Orsted, WWF Join Forces to Address Offshore Wind's Biodiversity Impact
Offshore wind developer Orsted wants to zero out the biodiversity impact of its installations by 2030, and it is partnering with the World Wildlife Fund to look for ways to do it - starting with ecosystem rehabilitation in the North Sea.
According to the IUCN, there are five main negative biodiversity impacts associated with offshore wind farms: bird strikes; species displacement from disturbances, including noise; barriers to movement, including noise; habitat loss, generally minor and limited to sedimentation from construction; and indirect effects on the ecosystem.
There are also positive biodiversity impacts associated with offshore wind development. Individual turbine foundations can act as artificial reefs, just like offshore oil and gas platforms, sheltering fish and other species. Wind farms also create marine reserve areas by physically blocking commercial fishing, and studies suggest that they "can be at least as effective" as marine protected areas in creating a refuge for aquatic life, according to IUCN.
Orsted says that it wants to make sure that the biodiversity positives outweigh the negatives when it installs a wind farm, and it wants to get there by 2030 at the latest. The company says that it will minimize known impacts during installation by improving its project designs, selecting sustainable materials, and setting up monitoring systems to protect endangered species (like the North Atlantic right whale) from its operations. In addition, it will invest in projects to improve marine biodiversity, starting with a restoration project in the North Sea.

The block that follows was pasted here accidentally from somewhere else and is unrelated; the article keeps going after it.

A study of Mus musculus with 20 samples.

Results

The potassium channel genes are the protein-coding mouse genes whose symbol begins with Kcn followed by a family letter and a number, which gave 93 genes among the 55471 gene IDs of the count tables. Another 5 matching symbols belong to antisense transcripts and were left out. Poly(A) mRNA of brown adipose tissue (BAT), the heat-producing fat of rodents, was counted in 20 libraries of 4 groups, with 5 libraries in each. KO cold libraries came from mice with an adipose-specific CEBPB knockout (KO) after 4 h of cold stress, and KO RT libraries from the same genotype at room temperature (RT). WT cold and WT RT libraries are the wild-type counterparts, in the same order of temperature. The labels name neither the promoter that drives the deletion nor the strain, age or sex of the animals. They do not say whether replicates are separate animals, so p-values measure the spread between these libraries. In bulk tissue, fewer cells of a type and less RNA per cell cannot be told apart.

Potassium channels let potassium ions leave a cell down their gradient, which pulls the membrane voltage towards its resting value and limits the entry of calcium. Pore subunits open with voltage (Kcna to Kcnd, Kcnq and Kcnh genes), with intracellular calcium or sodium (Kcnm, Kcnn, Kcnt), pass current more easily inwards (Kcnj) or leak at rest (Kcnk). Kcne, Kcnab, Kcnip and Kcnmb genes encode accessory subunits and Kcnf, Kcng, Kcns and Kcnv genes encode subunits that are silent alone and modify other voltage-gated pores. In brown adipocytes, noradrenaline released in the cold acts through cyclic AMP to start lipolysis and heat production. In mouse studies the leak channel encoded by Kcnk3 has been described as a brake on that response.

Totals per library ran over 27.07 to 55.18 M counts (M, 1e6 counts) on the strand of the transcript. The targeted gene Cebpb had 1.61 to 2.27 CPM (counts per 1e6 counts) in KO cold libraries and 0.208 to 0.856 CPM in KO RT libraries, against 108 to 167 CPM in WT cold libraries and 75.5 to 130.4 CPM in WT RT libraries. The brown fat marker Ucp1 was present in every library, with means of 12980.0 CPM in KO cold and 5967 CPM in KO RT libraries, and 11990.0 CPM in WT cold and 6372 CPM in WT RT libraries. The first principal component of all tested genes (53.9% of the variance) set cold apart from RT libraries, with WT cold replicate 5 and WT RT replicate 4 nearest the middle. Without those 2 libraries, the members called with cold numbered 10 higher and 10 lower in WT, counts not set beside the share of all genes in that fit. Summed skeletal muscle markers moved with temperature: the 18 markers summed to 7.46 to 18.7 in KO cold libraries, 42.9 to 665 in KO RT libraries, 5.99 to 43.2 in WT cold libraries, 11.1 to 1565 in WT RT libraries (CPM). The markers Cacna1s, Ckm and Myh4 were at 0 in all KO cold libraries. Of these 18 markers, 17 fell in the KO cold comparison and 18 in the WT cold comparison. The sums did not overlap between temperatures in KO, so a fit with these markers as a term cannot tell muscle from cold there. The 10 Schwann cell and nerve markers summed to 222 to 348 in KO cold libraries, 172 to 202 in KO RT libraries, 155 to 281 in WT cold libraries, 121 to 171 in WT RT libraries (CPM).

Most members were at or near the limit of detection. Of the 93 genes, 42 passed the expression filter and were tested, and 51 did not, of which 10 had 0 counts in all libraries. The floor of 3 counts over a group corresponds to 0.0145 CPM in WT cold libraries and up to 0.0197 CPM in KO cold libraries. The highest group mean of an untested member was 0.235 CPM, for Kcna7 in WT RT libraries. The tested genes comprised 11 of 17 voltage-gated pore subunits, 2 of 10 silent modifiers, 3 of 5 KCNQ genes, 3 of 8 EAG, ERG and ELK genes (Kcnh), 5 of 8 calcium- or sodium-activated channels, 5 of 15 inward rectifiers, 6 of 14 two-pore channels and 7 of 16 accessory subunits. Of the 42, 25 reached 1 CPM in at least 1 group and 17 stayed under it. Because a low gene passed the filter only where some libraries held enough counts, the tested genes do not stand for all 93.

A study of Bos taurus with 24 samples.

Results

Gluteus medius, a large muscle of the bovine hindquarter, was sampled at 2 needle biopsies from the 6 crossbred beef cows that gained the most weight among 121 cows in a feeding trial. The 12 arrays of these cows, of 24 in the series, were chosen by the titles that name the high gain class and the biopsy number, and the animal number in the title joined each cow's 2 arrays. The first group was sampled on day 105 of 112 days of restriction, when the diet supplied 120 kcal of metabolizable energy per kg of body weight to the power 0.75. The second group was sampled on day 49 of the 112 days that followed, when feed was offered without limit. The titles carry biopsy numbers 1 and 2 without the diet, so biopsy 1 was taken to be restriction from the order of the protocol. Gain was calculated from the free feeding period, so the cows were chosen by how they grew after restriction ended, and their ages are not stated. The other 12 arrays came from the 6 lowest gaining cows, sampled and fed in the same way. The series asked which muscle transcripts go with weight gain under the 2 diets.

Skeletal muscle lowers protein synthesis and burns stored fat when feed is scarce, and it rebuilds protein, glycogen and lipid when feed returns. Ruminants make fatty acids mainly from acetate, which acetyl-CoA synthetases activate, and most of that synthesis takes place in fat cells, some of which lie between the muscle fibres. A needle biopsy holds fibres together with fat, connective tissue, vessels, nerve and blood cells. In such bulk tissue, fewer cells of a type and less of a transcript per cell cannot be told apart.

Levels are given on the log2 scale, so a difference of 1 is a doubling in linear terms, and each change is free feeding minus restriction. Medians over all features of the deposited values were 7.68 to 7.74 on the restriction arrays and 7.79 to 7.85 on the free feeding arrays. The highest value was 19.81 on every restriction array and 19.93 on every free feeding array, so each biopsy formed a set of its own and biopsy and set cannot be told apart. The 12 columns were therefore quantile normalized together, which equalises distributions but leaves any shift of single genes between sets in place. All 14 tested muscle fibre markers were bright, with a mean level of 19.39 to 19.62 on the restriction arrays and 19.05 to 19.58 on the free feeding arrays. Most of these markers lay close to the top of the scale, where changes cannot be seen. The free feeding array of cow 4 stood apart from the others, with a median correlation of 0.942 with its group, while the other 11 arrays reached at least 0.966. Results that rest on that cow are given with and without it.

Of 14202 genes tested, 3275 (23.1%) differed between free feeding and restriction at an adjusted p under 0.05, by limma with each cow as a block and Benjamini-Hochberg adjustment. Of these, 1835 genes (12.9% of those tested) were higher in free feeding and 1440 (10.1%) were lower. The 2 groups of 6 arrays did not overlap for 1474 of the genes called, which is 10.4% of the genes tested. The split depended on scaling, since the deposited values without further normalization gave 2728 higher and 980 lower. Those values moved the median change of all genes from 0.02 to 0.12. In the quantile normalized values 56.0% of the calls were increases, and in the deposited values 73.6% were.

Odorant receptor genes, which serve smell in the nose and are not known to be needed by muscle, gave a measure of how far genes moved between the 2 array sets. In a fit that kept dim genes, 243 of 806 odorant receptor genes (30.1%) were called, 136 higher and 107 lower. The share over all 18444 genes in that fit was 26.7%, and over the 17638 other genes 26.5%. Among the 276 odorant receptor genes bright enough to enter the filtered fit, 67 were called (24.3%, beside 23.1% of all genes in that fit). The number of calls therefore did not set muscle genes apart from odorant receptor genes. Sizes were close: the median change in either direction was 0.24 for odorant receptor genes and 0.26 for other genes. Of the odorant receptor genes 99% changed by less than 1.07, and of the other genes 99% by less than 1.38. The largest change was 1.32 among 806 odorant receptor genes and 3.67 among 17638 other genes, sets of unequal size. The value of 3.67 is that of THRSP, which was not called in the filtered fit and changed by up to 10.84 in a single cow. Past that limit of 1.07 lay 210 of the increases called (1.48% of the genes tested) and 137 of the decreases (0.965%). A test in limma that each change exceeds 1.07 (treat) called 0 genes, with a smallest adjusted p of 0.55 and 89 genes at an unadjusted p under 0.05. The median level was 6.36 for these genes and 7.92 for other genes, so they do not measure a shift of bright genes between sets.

The first effort in its five-year partnership with WWF will focus on methods of building up populations of the North Sea's depleted reef-building species, the European flat oyster (Ostrea edulis) and horse mussel (Modiolus modiolus). These species build biogenic reefs as they grow, creating habitat for other creatures.
Beyond research, the partnership also has policy goals. This includes advocating for nature protection and restoration to be incorporated into national governments' offshore wind tenders. The partners will develop science-based recommendations on how to bring biodiversity considerations into the planning and leasing process.
"Addressing climate change and biodiversity loss together allows for a much-needed shift in the way governments, NGOs, and businesses work to solve these interrelated crises. Solutions must complement one another, not come at the expense of each other," said Mads Nipper, the group president and CEO of Orsted. "If done in the right way, offshore wind projects can enhance ocean biodiversity, improving ocean health, and thereby address both the climate and biodiversity crises."